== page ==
What is the direct characterization of Monsieur Loisel in "The Necklace"?


In "The Necklace," Maupassant tells us that Monsieur Loisel is a minor clerk with a government ministry. We learn that he is "exultant" and expects his wife to be pleased when he comes home with an invitation for a great social event thrown by the Ministry of Public Instruction he works for. The narrator also tells us that Monsieur Loisel is "stupefied" and at a loss when he is wife begins to cry and tells him she has nothing to wear to such an event. We are told he is "heartbroken." We also learn that when his wife asks for 400 francs to equip herself for the party, he sacrifices the gun he was planning to buy with the money so that she can have new clothes.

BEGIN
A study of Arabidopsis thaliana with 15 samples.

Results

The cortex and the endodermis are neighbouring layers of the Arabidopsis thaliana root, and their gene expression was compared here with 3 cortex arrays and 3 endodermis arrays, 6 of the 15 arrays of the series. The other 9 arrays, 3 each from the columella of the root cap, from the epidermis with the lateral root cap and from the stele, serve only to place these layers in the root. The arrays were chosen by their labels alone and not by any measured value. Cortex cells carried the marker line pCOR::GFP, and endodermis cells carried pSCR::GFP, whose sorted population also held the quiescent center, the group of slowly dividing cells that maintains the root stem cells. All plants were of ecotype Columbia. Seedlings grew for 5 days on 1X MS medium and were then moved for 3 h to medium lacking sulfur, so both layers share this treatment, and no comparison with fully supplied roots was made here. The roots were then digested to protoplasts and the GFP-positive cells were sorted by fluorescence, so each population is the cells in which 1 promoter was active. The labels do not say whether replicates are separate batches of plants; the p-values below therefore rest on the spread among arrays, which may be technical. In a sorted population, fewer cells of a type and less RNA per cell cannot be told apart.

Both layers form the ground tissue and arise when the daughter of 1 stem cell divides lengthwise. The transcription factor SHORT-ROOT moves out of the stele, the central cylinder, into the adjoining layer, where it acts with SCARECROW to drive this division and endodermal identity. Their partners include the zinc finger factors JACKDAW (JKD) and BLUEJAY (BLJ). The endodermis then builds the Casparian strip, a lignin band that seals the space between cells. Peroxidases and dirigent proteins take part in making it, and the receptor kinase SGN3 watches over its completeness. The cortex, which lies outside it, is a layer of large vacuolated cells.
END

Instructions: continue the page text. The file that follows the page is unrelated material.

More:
From all of this, we learn that Monsieur Loisel loves his wife and wants very much for her to be happy. He knows she is discontent and makes sacrifices to try to please her. He comes across as a very kind and upright person.


In the story "The Necklace" Monsieur Loisel is first described as a

little clerk of the Ministry of Public Instruction

We are also told that he wants to get a gun, that he looks bewildered at his wife's issues and that, when he does not find the necklace that his wife lost in the party he is directly described a well.

Loisel returned at night with a hollow, pale face. He had discovered nothing.

It is mainly indirect characterization that we get regarding Monsieur Loisel: from his complaisance, the tolerance of his wife, and the happiness that he seems to have from the simplest things leads the reader to realize that he is, in fact, a good man who paired up with a completely wrong woman.